FD in Five Minutes: Paul Butler

Third Sector speaks to the director of finance and operations at Auditory Verbal UK, the charity for children with hearing loss

Paul Butler
Paul Butler

Why did you choose your current career?

After taking a lot out, I left stockbroking in 2003 to work in charities and have a go at putting something back in.

What is the proudest moment of your career so far?

I organised and fundraised for a community buyout of a pub in King’s Cross, London, called the King Charles I. Five years on it is still open with stable finances, is popular and is one of only two pubs in London that pays its staff more than the London Living Wage.

What’s your biggest challenge at work?

Juggling the many conflicting priorities covering systems development, IT, finance, HR and facilities with very limited resources.

What do you do outside work?

I really enjoy fell walking, getting out and exploring the UK on foot. I also enjoy anything live, such as music, theatre and good comedy. I do avoid musicals though.

Who has been the biggest influence on your career/life so far?

Ernest Shackelton for his leadership qualities. In 1915, he led his crew out of Antartica after his ship, Endurance, was crushed by ice. He managed to lead his crew over the Ross Ice Shelf and he sailed from there across the South Atlantic to South Georgia in a lifeboat, bringing back a ship to rescue them all. He led from the front and tackled all types of adversity, keeping focused on his big objective while maintaining good morale with his crew in appalling, life-threatening circumstances.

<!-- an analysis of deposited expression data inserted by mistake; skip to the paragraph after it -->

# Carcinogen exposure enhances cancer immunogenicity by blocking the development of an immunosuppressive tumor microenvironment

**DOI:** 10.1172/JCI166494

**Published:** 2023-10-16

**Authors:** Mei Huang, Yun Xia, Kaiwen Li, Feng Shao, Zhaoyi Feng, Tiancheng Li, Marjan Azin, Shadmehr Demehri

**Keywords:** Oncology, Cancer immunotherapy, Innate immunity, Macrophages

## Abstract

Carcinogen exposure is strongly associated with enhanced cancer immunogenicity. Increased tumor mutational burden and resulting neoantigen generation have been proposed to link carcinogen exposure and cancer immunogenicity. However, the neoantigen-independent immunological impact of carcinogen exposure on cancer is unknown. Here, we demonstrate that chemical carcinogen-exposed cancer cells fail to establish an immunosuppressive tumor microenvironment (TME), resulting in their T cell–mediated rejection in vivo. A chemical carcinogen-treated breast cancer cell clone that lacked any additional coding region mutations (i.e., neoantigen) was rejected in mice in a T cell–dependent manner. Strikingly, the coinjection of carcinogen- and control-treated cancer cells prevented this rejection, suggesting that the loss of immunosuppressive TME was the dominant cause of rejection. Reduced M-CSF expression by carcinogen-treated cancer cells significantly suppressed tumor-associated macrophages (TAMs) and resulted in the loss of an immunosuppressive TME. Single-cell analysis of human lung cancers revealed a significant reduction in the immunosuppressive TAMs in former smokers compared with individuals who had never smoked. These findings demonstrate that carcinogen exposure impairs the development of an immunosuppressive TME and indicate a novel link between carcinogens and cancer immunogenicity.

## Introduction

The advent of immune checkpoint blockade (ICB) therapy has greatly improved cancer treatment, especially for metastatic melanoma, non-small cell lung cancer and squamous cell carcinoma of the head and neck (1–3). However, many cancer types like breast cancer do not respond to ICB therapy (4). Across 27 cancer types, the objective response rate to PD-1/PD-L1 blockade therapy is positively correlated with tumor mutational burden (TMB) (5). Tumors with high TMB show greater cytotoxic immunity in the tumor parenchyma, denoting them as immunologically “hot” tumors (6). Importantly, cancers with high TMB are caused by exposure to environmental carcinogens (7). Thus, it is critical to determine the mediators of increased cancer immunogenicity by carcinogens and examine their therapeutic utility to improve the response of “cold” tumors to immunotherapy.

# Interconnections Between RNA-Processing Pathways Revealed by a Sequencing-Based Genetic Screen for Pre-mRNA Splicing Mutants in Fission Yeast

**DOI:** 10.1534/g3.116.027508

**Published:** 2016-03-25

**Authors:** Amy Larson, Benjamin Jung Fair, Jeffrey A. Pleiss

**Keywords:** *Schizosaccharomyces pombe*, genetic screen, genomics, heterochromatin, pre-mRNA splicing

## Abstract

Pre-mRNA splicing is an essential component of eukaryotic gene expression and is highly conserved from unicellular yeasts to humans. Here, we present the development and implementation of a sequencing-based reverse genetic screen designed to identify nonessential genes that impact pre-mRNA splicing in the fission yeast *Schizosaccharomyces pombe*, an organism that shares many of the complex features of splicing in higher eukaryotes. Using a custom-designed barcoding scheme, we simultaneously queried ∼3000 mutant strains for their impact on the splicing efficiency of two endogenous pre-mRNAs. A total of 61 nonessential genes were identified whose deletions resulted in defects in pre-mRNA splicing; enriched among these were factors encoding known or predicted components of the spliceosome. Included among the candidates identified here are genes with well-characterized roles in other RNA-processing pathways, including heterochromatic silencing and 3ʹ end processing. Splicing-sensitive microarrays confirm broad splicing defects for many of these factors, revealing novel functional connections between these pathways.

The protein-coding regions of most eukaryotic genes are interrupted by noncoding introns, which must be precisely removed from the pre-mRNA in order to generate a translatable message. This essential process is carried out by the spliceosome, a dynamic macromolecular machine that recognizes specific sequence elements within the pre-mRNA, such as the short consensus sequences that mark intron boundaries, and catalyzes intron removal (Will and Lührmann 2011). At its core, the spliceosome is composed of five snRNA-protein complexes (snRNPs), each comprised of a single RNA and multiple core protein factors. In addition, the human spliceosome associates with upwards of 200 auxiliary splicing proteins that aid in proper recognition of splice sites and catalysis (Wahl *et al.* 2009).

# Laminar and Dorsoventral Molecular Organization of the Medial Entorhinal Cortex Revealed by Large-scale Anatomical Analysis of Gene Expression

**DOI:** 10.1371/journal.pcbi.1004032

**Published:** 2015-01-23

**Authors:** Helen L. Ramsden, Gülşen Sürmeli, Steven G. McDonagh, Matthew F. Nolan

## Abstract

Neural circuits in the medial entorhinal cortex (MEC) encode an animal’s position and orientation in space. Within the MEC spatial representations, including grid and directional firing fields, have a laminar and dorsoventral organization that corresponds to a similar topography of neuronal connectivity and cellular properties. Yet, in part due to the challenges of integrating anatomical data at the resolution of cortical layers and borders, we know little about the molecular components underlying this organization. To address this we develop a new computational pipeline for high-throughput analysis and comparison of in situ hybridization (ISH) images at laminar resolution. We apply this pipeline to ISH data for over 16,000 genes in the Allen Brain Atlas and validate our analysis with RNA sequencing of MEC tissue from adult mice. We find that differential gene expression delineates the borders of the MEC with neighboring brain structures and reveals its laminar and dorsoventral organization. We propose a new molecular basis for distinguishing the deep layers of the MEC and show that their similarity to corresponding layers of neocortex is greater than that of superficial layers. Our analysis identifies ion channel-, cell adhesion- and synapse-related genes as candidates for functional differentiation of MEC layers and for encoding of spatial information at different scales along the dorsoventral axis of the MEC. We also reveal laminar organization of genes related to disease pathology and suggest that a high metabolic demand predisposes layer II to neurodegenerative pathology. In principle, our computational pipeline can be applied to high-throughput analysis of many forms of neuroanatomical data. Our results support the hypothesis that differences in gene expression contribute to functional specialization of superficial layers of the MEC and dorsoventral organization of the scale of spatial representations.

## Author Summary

Which three people would be at your fantasy dinner party?

They are all dead now but I would invite Tommy Cooper, Lennard Rossiter and Ronnie Barker. These people really make me laugh.

What three things would you take with you if you were exiled to a desert island?

A radio for entertainment, a needle and cotton for essential repairs and a beer-making kit for morale.

If you were Prime Minister for the day, what would you do?

Reinstate the railway lines cut by Beeching during the 1960s. This would mean we could go almost anywhere by train, transform the lives of those in isolated communities and reduce the need to use cars.

Are you optimistic for the future of the charity sector?

Yes I am. The sector often forms a glue between the private and public sectors and will work in areas that are either not profitable or outside the scope of national or local government policy. I believe the sector is the conscience of the nation and that those working within it should be careful not to weaken this position.